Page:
Electronic Stalking in Domestic Violence Cases


Domestic violence cases can involve a variety of allegations, including everything from actual physical violence to verbal threats. In recent years, however, more and more domestic violence restraining orders are being based on allegations of electronic stalking. The kind of evidence used to demonstrate electronic stalking is wide ranging, including text message exchanges, phone records, and audio recordings, all of which have the potential to be taken out of context. For help protecting your own rights after being accused of electronic stalking, please contact an experienced Seminole domestic violence lawyer who can help you build a strong defense.

Methods of Electronic Stalking 

The methods of stalking via electronics are changing all the time. There are, however, some forms that are particularly common, including:

  • The use of clone accounts, or fake accounts of real people made by someone else, in order to contact a third party without that individual’s knowledge of the account holder’s true identity;
  • Cell phone bugging, which usually involves the use of software programs and spyware that enables the recording of phone conversations, viewing of text message, tracking locations, and remotely controlling another person’s phone;
  • Using or installing discreet GPS tracking devices;
  • Bluetooth hacking, which occurs when Bluetooth is engaged, but not paired with another device and allows the perpetrator to intercept or reroute communications, send and read text messages, and even place phone calls from someone else’s phone;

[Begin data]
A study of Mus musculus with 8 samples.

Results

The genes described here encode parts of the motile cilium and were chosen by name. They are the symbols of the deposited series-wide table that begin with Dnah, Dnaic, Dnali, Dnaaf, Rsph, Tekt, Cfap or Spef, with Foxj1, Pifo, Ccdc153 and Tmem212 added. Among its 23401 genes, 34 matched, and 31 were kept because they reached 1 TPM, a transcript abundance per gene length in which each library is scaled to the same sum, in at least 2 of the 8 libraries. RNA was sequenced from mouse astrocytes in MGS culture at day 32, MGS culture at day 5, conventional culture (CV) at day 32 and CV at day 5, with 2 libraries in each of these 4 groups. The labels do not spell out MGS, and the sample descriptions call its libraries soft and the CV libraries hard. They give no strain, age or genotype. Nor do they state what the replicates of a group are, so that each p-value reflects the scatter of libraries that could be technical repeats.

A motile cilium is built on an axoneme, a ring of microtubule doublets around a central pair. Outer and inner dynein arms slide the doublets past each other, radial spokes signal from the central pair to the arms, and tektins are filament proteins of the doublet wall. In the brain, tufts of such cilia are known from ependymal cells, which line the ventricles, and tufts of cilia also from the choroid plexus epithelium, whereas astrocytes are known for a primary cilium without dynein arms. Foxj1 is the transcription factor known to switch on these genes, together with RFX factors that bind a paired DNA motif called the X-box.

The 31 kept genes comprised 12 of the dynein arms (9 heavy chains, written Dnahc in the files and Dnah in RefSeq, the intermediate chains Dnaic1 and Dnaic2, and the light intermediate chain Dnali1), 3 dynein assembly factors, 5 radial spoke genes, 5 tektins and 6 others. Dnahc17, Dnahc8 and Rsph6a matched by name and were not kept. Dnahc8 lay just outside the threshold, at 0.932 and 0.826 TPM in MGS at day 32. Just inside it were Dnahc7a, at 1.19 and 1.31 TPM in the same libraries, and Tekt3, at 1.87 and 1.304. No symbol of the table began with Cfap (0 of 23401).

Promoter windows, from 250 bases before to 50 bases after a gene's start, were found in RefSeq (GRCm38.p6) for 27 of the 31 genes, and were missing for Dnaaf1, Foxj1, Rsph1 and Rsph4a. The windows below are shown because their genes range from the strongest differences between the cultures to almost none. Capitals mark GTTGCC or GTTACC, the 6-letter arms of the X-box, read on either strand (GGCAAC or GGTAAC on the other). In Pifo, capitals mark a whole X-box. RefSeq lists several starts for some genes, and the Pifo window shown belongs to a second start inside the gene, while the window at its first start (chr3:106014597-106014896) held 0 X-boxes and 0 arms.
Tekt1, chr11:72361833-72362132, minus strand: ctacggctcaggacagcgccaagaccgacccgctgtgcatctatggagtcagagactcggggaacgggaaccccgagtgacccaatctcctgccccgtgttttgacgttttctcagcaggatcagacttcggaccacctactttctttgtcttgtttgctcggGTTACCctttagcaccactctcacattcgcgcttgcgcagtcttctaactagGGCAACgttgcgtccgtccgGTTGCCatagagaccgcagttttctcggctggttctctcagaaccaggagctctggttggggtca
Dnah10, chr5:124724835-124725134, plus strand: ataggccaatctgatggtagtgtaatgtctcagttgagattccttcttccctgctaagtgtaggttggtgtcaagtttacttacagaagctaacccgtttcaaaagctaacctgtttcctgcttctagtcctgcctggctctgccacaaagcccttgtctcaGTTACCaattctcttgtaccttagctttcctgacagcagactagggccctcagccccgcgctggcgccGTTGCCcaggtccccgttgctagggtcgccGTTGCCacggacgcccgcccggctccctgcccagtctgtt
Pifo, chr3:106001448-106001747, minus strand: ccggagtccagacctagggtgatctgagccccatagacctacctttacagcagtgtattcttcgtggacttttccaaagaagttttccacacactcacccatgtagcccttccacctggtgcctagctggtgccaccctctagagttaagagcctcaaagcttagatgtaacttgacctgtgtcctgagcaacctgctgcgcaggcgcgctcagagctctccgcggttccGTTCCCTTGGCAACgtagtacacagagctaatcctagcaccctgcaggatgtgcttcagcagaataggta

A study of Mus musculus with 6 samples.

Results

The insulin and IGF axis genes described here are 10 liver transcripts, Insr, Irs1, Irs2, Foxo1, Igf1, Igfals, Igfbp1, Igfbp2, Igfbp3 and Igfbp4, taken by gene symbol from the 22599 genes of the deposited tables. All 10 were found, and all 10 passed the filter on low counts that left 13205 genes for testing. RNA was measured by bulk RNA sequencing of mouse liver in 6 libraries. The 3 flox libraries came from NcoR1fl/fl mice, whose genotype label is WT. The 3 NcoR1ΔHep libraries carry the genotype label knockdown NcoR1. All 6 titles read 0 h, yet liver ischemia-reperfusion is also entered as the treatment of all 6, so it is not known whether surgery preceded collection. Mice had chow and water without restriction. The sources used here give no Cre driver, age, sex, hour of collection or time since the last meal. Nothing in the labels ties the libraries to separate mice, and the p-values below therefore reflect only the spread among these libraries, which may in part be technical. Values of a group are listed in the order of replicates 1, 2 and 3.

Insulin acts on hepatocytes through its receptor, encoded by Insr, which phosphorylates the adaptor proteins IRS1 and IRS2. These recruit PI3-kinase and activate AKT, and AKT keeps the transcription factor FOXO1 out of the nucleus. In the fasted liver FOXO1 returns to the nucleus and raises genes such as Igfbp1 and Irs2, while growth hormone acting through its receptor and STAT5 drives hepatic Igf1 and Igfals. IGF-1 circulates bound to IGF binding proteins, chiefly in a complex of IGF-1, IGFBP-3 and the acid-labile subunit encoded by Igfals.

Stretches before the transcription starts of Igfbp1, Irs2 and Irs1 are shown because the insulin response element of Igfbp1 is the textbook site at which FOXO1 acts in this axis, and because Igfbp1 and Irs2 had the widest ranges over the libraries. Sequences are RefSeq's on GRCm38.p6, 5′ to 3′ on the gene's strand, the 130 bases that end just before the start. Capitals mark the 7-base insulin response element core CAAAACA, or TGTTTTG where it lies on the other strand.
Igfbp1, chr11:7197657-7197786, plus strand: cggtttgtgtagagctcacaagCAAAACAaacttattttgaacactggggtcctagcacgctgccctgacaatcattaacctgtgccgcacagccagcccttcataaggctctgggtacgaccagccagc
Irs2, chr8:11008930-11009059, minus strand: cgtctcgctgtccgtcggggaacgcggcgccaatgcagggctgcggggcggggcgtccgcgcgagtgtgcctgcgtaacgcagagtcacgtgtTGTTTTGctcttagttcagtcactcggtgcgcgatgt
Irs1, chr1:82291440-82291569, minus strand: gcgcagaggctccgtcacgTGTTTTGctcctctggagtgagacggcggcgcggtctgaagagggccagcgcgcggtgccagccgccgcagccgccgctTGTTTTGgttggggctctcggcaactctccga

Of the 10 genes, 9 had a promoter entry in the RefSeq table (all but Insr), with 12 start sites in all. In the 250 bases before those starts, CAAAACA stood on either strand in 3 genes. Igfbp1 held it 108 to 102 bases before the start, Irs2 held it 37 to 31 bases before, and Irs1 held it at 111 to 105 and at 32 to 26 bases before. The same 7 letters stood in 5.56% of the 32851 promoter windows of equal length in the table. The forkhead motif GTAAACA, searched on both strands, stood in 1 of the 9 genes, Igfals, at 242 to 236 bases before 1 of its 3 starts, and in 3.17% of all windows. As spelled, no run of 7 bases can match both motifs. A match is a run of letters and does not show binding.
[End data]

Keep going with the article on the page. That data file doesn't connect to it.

• Keystroke logging, which involves the use of a software program or device that connects to a computer and records all information typed by the user, revealing passwords, commonly visited websites, and more; and
  • Telephone ID spoofing, which allows callers to hide their identity when making a call or to transmit a fake ID to the recipient.

These methods, along with the excessive or harassing use of text messages, phone calls, or online messages can all qualify as electronic stalking for domestic violence purposes, as long as the petitioner can prove that the conduct in question poses a credible threat. Furthermore, the petitioner isn’t even required to prove that the accused intended to actually carry out the threat.

Electronic Stalking Court Orders

When drafting a domestic violence injunction based on allegations of electronic stalking, courts can take a number of different actions, including specifying what types of technology the respondent can use, which includes:

  • Barring them from personally (or through the use of a third party) accessing, purchasing, or engaging in the services of a caller ID spoofing program, geo tracking service, or other spyware program;
  • Prohibiting them from contacting or asking someone else to contact the petitioner through social media platforms; and
  • Barring the respondent from using any electronic means to contact the petitioner.

Courts do, however, have discretion to narrowly tailor their orders, meaning that a respondent could be prohibited from even the most basic forms of electronic use.

Call or Email Us Today

For help defending yourself against allegations of electronic stalking, please contact the experienced Seminole domestic violence attorneys at The Reep Law Firm by calling our office at 727-330-6502, completing one of our online contact forms, or sending an email to justin@reeplawfirm.com.